The Book of Beasts: Monsters of the River Kingdom had me on board at page 3, when the first monster entry is found. The Addanc is a Beaver/Crocodile hybrid that builds dams to create small lakes to hunt from. Not only is this a Brilliant idea, but being a hybrid creature, and having a black and white entry, it gave me a nostalgic longing toward the feel that the First and early Second Edition monster manuals had. The rest of the book keeps on pace with this, offering several original ideas (like monstrous vermin versions of the water striders that skate along the top of still waters) as well as a new twist on some old tropes, such as river raider versions of a pirate skeleton crew.
The book is 36 pages, with black and white art, and an easy to read font. Most of the entries occupy a single page, or a double page spread side by side, making printing single entries a painless process, a rare thing for a down-loadable PDF.
The Monsters in the book are all CR appropriate, and several fill unique roles. There are undead, monstrous beasts, a dragon, a plant, a construct, and even an ooze, spreading the love evenly to several creature types.
As a bonus, the last few pages are occupied by two new new gambling games, a new drug, several new diseases, simple templates and haunts, offering a rare thing for a monster book: something besides monsters. My only complaint in the entire book is that these rules are presented in an appendix format rather than having a few paragraphs to explain the nature of the rules and that they expand upon rules originally presented in the Game Mastery Guide. Still, their inclusion at all more than makes up for their presentation; you would be hard pressed to find many monster books with more than just monsters in them.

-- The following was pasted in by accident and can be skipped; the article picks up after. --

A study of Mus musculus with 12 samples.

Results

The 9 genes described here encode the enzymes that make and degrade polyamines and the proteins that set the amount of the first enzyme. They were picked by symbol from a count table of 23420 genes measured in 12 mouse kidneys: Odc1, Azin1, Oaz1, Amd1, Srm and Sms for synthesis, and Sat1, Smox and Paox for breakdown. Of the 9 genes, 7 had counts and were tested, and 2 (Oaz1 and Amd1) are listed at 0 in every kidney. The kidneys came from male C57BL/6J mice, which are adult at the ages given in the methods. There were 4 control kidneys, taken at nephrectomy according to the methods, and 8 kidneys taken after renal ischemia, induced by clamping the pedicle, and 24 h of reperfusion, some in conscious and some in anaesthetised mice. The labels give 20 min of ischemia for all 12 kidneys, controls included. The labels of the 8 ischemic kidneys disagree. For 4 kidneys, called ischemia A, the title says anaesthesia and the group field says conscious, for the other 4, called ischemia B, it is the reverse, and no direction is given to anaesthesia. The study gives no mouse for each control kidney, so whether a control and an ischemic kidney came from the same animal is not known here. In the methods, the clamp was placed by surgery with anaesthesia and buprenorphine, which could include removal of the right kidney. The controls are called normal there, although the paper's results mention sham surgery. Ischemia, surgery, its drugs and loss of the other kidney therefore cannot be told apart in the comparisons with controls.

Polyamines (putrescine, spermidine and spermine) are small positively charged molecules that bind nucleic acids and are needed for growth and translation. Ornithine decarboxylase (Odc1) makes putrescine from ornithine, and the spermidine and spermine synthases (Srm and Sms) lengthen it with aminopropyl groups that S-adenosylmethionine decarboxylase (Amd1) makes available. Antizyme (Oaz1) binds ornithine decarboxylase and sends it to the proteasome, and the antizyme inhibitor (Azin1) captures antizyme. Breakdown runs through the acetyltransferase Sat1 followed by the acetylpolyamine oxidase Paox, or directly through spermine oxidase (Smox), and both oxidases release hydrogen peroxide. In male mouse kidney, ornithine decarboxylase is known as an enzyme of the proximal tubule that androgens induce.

Most monster books have a few monsters you look at and think “i can never use this” or “what is the point in this creature?”, but not this book. Page after page it offers rules you can use, all united by a common theme, while still offering very different options on every page. This is an all around fantastic book which i recommend highly.



PRESENTATION: The book is beautiful, with fantastic art, and a nice design. The information on the setting is nothing but a timeline and four pages of sketchy description making it nearly impossible to actually run this setting as written.
The book itself has a stylized font for may of the headers, and all of the feats that makes it hard to read. Additionally,there is no summary feat table, which confuses me since the table of contents has every feat and spell name itemized.

BALANCE: The races break from the pathfinder norm of offering one +2 to both a physical and mental stat, and instead offer stat bonuses and penalties that shoehorn certain races into certain roles (the harrowed in melee for example).
Most of the prestige classes offer less than half, or simply too few levels of caster progression in exchange for extremely weak class abilities. Many of the spellcaster feats, and most of the spells are overpowered. The book on the whole gives me the feeling that the author has a poor grasp on how spellcasters function.

COMPATIBILITY: Psionics rules are present, making this product NOT fully compatible with pathfinder, and requiring the 3.5 Expanded Psionics Handbook to use, which is not listed at any point of purchase. The feats Arcane rage,bane of evil,blessed touch, and channel divine healing all use outdated 3.5 mechanics, and the monster all use grapple bonuses rather than CMB/CMD.

CONCLUSION:A pathfinder compatible setting should offer at least a few new bloodlines, wizard schools, deities, rogue talents, rage powers, or any of the many other modular options that pathfinder classes offer. This setting offers none of these.

This product has consistent grammatical errors and compatibility issues, and the author appears to have little grasp on the design changes from 3.5 to pathfinder. While i love the idea behind the setting, and think that it could easily have been a 5/5, The book comes off as a half cocked, poorly edited waste of potential.